An interesting article in the Financial Times explores ThyssenKrupp’s quandary as both steelmaker and industrial conglomerate.
On the one hand, as a steelmaker, it is exploring the possibility to merge its European steel operations with those of Tata Steel. The European steel market desperately needs consolidation, but no one is willing to bear the brunt — politically or economically — of closing multiple plants and laying off thousands of workers.
One attraction of a merger could be that ThyssenKrupp and Tata might keep open its German and Dutch facilities, but try to close or scale down Tata’s Port Talbot operations in South Wales. After Brexit, Britain — and maybe all of what’s presently the U.K. — will no longer be of much concern to the rest of Europe. Regardless, the article’s main focus is on protectionism. The E.U. is in the process of applying historically high duties to Chinese steel; some as high as 73.7% for heavy-plate and 22.6% for hot-rolled, levels said by the Chinese to represent “reckless trade protectionism.”
Protected Bubbles in a Global Marketplace
That sours the air between Europe and China on the question of open trade relations. ThyssenKrupp, one would think, would benefit, though. Of its six divisions — Steel Europe, Steel Americas, Components Technology, Elevator Technology, Industrial Solutions and Materials Services — the steel divisions represent 30% of its revenue but only turned a modest profit in Q2 not least of which because prices were depressed in part by China’s low-priced imports.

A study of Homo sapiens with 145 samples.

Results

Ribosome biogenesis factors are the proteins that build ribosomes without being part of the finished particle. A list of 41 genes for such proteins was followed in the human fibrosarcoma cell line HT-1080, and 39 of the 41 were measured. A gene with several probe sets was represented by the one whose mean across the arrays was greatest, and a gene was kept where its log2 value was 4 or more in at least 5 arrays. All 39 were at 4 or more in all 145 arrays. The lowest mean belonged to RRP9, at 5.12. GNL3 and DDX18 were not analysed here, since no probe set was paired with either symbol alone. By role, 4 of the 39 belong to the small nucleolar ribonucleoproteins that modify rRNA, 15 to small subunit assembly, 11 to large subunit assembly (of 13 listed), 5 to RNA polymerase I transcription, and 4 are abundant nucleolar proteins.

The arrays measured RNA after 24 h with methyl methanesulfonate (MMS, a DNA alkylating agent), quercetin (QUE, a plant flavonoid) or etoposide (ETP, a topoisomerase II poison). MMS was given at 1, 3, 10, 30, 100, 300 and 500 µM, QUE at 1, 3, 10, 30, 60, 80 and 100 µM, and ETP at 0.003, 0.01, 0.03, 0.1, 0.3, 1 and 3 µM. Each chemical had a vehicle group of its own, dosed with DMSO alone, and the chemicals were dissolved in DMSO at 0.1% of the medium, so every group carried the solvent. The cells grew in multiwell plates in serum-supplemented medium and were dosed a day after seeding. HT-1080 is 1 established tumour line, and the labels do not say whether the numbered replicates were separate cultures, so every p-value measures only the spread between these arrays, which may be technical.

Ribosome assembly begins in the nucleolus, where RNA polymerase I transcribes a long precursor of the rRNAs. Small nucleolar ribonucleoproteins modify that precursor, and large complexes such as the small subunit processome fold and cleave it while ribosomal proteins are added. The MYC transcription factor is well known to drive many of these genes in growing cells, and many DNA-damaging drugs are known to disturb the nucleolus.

In microcosm, ThyssenKrupp is an example of a wider issue, the article suggests. You can’t adopt selective punitive tariffs on some products and not expect some form of retaliation or more willing adoption of reciprocal tariffs on other products or services areas by those affected importers. Steel generates just 2% of Thyssen’s profits, so 98% come from its much more promising elevator and industrial products divisions… divisions that benefit most from a free and open global market place.
Diversified Companies, Single-Industry Tariffs
The article berates ThyssenKrupp for its capital-destroying and high loss-making forays into primary steel production in Brazil and processing operations in the U.S. that the company has since sought to extract itself from. The share price, the FT says, has made no progress in five years.
But, from our perspective, the impressive fact is that even after these massive loss-making ventures — said to total some $15 billion — the share price has still managed to maintain its level from five years ago. Other steelmakers that have not made such, in hindsight, poor investment decisions are doing no better. ArcelorMittal is much the same, if not worse. The trend has been consistently down.
What has held ThyssenKrupp up, kept the faith of its shareholders and created growth and promise for the future, is those elevator and industrial products divisions. Those divisions that rely on open, unfettered, access to world markets.
ThyssenKrupp’s European steel division may welcome the new tariffs imposed by the E.U., but the rest of the group may not share its enthusiasm.